Tuskegee Airmen share tales of war and courage

March 31, 2006|by DON AINES

CHAMBERSBURG, Pa. - The pilots and the ground crews of the U.S. Army Air Corps' 332nd Fighter Group waged two battles during World War II, one against the Germans in the skies over Europe and the other against the institutionalized racism of their own country.

"They had to fight for the opportunity to fight the enemy," Letterkenny Army Depot Commander Col. Robert Swenson said Thursday in introducing three members of the unit, better known as the Tuskegee Airmen.

"The Negro is low on the scale of human evolution ... profoundly superstitious ... by nature subservient," Eugene J. Richardson Jr. said, reading from a secret 1925 U.S. Army War College report. It was that kind of thinking the blacks had to overcome to get the Army to establish the "experimental" 99th Fighter Squadron, the first squadron of what became the 332nd Fighter Group.

"It was supposed to be an experiment to prove that black men could not be fighter pilots," Richardson told an audience of about 100 people at the Family Traditions Lighthouse restaurant. It took a lawsuit by Howard University student Yancey Williams against what was then the War Department to compel the government to establish a pilot training school for blacks in the rigidly segregated military, he said.


Trained at the Tuskegee Institute in Alabama, the first class of five pilots graduated in March 1942, but Richardson said it was not until 1943 that the 99th got an overseas assignment in North Africa and later in Italy.

"Commanders in Europe would not take a black squadron," Richardson said.

From 1943 to the war's end in 1945, the 99th and the 332nd compiled an enviable combat record, destroying or damaging more than 250 Luftwaffe aircraft in dogfights. In the ground attack role, the unit known as the "Red-Tail Angels" for the markings on their P-47 and P-51 fighters, damaged or destroyed another 273 enemy aircraft, along with trains, barges, motor transport and even a destroyer, according to a unit history.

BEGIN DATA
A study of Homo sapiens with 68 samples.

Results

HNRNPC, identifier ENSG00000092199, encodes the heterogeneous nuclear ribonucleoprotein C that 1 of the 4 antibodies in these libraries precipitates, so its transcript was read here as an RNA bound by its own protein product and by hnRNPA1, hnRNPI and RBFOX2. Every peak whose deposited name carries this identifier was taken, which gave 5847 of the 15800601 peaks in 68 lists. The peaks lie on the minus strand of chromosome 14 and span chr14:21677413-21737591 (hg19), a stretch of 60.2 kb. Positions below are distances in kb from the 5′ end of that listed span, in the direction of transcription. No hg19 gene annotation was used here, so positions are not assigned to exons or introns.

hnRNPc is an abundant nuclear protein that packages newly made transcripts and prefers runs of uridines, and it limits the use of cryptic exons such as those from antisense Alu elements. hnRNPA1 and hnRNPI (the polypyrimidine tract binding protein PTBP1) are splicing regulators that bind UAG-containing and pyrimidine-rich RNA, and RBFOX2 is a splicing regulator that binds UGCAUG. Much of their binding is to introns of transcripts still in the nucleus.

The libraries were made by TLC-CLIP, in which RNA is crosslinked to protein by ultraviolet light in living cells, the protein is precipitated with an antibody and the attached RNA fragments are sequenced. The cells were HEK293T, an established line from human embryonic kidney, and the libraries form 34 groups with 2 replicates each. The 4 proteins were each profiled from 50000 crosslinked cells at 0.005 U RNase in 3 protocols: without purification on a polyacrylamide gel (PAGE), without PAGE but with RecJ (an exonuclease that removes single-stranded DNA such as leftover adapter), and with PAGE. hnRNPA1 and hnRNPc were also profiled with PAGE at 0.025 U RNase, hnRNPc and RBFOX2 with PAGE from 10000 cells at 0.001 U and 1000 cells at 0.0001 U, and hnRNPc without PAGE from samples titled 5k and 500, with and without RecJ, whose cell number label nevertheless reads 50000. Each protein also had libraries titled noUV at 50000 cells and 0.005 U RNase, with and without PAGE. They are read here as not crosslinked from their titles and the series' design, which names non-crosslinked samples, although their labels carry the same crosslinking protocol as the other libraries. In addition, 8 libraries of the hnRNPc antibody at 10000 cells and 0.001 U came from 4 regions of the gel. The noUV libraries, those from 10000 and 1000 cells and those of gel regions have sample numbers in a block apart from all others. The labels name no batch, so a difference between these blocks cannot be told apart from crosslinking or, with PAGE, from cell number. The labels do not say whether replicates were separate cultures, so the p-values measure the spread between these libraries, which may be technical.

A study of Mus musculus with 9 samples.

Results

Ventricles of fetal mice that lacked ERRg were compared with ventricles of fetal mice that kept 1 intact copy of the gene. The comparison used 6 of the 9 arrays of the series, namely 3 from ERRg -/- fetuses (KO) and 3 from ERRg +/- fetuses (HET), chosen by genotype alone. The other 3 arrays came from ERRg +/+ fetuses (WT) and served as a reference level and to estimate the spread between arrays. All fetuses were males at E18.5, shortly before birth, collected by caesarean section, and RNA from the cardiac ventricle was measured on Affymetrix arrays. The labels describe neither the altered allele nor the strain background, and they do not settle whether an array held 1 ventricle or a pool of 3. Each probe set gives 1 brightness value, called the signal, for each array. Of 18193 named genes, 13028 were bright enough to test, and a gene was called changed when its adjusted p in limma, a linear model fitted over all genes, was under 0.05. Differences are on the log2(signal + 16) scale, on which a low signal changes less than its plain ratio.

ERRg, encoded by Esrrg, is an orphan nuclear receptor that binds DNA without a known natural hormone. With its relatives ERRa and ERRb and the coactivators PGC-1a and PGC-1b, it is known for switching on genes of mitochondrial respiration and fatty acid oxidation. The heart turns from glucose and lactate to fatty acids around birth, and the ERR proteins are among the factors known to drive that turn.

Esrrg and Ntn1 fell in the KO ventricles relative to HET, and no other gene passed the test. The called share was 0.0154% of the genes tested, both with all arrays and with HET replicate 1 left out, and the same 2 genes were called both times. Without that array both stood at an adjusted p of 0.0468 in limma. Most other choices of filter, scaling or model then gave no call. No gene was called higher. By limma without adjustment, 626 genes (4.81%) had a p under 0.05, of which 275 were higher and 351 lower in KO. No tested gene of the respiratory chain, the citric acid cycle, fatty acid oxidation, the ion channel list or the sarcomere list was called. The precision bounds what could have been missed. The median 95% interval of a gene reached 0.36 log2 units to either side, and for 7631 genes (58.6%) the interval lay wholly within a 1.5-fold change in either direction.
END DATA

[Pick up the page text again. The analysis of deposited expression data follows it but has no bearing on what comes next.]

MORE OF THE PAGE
The 332nd's greatest claim to fame may be that no Allied bombers were shot down while under its protective umbrella. Lt. Col. John L. Harrison Jr. said 200 of the 332nd's 1,578 missions were escorting B-24 and B-17 bombers manned by white crews.

"We saved a whole lot of guys' lives. There were 10 men in each bomber," said Harrison, who stayed in the military after the war, retiring from the Air Force after 22 years.

"I loved flying so much, I would have paid the Air Force to fly," he said.

To keep them flying, Harrison said it took men such as Staff Sgt. Henry L. Moore, a ground crew chief with the 99th and the third member of the Tuskegee Airmen's Greater Philadelphia Chapter attending the event.

About 1,000 black pilots were trained during the war with about half going overseas, Harrison said. He trained as both a fighter pilot with the 301st Squadron and the all-black 477th Bomber Group, but the war in Europe ended before his squadron shipped out and plans to send it to the Pacific were cut short when Japan surrendered.

Richardson, who said his desire to fly was kindled by seeing "a colored airshow" as a boy, said he does not know how many of his fellow airmen survive.

"We're all in our 80s and everyday Father Time is reaping his due," he said. The retired teacher, however, said the Tuskegee Airmen continue to pass along the lesson that hard work, perseverance and a desire to succeed breed success.